Patents are like two completely different documents glommed together. The first part is like an instruction manual for an invention — it’s usually pretty easy to understand, and you can sort of figure out what the invention is supposed to be about.
However, the second part is really where the action is — the claims. They’re usually listed near the end, right after the inventor writes “I claim…” Claims are a detailed, formal statement of exactly what the patent covers. That’s important, because a patent lets the owner stop somebody else from doing what’s in the claims. So whether you’re the owner or the “somebody else,” you need to know what you’re allowed to do and what you’re not. The claims will tell you.
Claims are written in an odd, formal language that has developed over the years to make it easier for patent attorneys, patent examiners and judges to agree on what something means. (They still don’t always agree, but things would be even worse if we didn’t have the special language!) In claim-speak, changing one word can make a huge difference — the difference between a patent that covers a lot, and a patent that hardly covers anything. So it’s important to make sure claims are correct: if it’s your patent, you want the claims to cover your invention, and if it’s somebody else’s patent, you want to make sure you’re not doing something that the patent owner could sue you for.
You can get a general idea of what the claims cover by treating them as a laundry list of things that must be in the invention, plus the way the things have to be hooked together. Hold the claims up next to the invention (or next to a knock-off that you want to use the patent to stop) and run down the list, making sure you can point to every item in the claim. If something is missing or connected differently, then that claim might not cover that product. If none of the claims matches the product, then that patent probably doesn’t cover that product.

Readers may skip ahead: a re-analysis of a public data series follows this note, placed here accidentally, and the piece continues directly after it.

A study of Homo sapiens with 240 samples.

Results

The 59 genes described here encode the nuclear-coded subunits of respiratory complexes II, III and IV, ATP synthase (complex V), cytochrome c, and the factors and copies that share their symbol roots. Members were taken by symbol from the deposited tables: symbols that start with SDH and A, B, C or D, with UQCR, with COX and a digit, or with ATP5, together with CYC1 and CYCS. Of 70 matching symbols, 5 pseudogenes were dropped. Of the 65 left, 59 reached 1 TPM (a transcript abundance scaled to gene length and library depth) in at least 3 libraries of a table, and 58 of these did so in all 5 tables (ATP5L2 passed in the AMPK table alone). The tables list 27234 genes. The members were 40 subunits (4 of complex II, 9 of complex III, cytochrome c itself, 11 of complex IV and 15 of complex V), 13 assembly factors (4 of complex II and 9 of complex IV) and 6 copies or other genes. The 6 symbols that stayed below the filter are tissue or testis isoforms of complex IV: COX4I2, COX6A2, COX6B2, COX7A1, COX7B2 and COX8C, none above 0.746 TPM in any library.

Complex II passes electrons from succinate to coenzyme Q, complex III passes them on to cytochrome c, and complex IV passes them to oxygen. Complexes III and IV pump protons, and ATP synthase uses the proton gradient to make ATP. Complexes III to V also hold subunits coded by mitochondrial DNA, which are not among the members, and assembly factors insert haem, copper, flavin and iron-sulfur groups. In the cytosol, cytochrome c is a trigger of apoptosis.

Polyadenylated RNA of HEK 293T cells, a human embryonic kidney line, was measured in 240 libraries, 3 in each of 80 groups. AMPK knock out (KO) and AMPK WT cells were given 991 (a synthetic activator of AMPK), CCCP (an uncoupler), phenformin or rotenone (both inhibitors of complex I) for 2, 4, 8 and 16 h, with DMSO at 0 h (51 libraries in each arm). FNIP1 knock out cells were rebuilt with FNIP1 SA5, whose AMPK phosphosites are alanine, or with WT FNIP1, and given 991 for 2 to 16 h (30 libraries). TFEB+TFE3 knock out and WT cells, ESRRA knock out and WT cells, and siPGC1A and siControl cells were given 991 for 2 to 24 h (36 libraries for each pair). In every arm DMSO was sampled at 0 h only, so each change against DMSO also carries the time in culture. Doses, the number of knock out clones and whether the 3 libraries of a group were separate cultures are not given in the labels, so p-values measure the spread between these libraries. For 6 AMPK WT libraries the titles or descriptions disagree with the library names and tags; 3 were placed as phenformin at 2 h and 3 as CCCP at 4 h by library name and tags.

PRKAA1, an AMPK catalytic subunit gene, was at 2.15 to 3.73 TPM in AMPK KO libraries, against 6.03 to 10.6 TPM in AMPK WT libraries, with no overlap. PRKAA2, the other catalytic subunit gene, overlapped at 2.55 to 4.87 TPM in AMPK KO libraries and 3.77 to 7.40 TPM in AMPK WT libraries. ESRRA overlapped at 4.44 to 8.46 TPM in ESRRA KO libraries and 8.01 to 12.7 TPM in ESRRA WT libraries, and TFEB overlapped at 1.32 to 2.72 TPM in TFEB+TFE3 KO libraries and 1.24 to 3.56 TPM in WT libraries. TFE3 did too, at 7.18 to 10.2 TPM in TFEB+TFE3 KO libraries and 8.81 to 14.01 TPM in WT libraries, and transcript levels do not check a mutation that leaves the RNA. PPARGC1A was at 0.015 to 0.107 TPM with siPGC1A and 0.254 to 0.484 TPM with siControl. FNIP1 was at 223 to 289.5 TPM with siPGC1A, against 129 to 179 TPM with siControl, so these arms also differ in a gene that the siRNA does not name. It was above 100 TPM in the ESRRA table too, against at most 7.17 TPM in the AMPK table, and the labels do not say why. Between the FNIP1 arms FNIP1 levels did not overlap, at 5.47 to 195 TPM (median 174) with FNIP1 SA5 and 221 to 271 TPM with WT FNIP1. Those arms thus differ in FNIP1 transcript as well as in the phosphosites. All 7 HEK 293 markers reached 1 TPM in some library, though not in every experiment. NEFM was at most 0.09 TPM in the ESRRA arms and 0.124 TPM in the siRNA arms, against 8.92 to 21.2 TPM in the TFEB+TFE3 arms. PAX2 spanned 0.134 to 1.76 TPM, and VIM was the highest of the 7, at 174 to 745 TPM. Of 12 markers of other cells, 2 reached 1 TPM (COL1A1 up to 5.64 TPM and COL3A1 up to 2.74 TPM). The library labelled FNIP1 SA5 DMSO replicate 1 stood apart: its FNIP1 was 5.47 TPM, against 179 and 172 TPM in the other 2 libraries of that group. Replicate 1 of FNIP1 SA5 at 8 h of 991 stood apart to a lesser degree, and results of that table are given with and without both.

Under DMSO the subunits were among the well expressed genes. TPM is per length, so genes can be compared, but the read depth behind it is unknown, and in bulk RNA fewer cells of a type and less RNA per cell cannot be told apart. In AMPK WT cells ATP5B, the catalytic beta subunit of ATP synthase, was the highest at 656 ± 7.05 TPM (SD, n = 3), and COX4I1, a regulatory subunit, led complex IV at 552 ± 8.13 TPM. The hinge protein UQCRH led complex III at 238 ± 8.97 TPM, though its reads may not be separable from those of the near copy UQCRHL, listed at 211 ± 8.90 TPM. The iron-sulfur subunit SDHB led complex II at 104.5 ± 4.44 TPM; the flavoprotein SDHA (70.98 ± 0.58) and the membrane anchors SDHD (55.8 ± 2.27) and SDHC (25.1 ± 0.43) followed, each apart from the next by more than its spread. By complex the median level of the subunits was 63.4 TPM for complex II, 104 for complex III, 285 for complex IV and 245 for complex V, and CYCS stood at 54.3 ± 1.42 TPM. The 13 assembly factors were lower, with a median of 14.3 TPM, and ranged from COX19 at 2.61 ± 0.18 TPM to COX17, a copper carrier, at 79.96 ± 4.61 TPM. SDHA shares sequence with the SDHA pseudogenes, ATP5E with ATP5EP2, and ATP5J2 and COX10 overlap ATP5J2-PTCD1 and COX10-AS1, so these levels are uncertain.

Of course, when you start examining the details of a product and a patent, you’ll often find that there’s some gray area. It’s usually pretty easy to decide if there is “a square base plate having seven threaded holes,” but is that piece over there really “a means for accessing the locking mechanism?” Which pieces, exactly, are part of the locking mechanism, and if they’re part of that, can they also be part of something else?
These are the kinds of questions that patent attorneys spend their days thinking about, so if you need to find out those kinds of answers, contact Mersenne Law.